We’ve loved Sara Gilbert since her sassy Darlene days on Rosanne. Now that she’s all grown up, she’s not only creator, executive producer, and co-host of CBS’s The Talk, she’s also a devoted working mom and passionate environmentalist. She’s compiled her best green-living tips in her new book The Imperfect Environmentalist. Like Cliffs Notes for your eco lifestyle, it’s packed with easily digestible ways to make a difference in areas like food, cleaning, beauty and travel without making yourself crazy — or breaking the bank. Here’s an excerpt from Gilbert’s chapter on clean transportation and travel.
Geotourism: Seeing the World Without Wrecking It
Cut to the Chase, Hippie: What’s the Least I Need to Know?
When on vacation, instead of leaving your trash behind and insulting the people you meet by making fun of their accents, make a conscious effort to leave the place better off than when you arrived.
Intriguing . . . I Can Handle a Little More
According to some experts, the U.S. tourism industry is now damaging the environment at a faster clip than the combined efforts of miners, manufacturers, ranchers, and loggers. Hotels and roads are built for visitors, we generate pollution getting to the Grand Canyon or Disneyland, we carry all those disposable travel items. Then there’s the actual damage we do when we actually arrive in paradise. Coral reefs, for example, have been devastated by tourism. Pollution levels rise. And cultural tourism encourages a kind of “staged authenticity” (Real Indians!) that anthropologists say is harmful to many communities.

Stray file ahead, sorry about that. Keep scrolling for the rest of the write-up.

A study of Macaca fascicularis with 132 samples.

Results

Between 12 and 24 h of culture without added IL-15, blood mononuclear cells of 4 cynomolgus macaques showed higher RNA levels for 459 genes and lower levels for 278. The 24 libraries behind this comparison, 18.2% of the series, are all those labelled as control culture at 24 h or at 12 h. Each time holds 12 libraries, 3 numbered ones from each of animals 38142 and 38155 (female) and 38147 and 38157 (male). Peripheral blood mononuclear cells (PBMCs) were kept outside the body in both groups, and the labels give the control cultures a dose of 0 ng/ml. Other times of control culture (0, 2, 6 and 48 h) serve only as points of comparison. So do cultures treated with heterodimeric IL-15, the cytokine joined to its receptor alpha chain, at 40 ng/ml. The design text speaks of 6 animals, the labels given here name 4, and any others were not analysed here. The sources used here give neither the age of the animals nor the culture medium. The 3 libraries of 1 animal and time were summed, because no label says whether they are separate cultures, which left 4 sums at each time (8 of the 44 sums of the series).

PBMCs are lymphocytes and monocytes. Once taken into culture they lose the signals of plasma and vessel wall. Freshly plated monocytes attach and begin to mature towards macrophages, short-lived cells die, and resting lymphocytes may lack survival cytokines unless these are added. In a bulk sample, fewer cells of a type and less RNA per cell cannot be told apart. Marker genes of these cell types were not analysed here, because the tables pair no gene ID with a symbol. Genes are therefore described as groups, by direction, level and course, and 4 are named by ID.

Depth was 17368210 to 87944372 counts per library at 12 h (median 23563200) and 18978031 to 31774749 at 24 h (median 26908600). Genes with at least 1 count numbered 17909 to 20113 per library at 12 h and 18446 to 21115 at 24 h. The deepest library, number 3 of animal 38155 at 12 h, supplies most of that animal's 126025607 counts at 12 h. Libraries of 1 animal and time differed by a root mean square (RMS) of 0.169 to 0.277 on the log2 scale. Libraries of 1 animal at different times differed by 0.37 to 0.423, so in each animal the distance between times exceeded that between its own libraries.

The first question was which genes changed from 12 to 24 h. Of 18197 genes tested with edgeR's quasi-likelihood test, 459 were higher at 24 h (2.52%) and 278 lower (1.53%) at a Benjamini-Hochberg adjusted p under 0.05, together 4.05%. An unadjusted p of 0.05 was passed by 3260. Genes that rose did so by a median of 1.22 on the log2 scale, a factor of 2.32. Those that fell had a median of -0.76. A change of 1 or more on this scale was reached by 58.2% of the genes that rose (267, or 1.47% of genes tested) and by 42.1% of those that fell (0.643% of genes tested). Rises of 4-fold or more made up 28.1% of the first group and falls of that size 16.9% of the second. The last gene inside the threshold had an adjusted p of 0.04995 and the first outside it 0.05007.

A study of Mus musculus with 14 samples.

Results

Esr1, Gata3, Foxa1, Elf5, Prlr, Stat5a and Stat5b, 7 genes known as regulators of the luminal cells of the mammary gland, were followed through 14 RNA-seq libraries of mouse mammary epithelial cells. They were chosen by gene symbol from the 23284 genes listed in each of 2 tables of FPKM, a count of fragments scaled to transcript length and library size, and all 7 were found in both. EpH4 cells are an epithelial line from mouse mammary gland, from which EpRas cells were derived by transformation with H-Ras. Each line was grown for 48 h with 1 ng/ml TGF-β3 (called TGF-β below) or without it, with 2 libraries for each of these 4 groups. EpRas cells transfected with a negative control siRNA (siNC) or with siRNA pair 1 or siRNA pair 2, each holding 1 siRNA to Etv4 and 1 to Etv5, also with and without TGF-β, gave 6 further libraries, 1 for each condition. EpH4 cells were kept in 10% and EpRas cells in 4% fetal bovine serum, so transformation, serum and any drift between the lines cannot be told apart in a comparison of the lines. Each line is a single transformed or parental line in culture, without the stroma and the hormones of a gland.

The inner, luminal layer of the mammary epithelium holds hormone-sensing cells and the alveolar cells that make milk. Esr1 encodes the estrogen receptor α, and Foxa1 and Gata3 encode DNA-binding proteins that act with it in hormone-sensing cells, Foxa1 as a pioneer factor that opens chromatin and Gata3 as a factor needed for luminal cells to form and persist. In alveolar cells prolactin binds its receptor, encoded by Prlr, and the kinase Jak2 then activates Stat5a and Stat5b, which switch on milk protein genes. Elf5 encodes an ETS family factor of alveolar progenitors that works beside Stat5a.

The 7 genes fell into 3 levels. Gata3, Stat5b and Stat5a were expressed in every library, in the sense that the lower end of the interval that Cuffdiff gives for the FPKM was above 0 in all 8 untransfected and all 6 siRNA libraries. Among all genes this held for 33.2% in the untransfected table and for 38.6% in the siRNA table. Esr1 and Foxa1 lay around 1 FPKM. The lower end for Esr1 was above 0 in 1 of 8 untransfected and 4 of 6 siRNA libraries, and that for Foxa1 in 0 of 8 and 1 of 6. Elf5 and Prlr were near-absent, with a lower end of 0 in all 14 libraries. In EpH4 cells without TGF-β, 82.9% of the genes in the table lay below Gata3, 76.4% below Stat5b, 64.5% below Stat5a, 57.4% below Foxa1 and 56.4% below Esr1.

There are plenty of eco-conscious tour companies that will help you see the Himalayas or the rivers of Oregon without making a mess, but you don’t always need a guide on how to treat the places you visit with respect. When camping, bring gloves and pick up some of the trash left by other visitors. When selecting hotels and motels, call ahead and ask about energy efficiency—ask if they give the option to reuse your sheets and towels for your entire stay (unless you’re staying for a month—gross); most do these days. And don’t forget to think about the local economy. Support mom-and-pop shops over those familiar international chains and you’ll have a more authentic experience while supporting the things that made your destination unique to begin with.
I Need Some Facts to Bore My Friends With
Increasing tourism is threatening the survival of ancient Egyptian ruins, destroying the natural biodiversity of the Galapagos Islands because tourists bring with them new species that compete with the natural wildlife, and even endangering tiny monkeys in the Philippines who get so stressed out by human noise and camera flashes that they’re literally driven to suicide. And I thought I hated having my picture taken. It’s enough to inspire you to stay home.
I’m Donald Trump
Go all out with a luxury geotour—find the right tour company on Sustainable Travel International’s website.
Okay, I’ve Got My Own Place, but I’ve Also Got Credit Card Debt
Plan your own trip with the help of one of National Geographic’s Geotourism map guides.
I’m Sleeping on My Friend’s Couch and Eating Ramen Noodles
Head for the nearest beach or forest, camp out—the friend whose pad you’re crashing at probably wants a break, anyway—tread lightly, and pack up all the garbage you can find.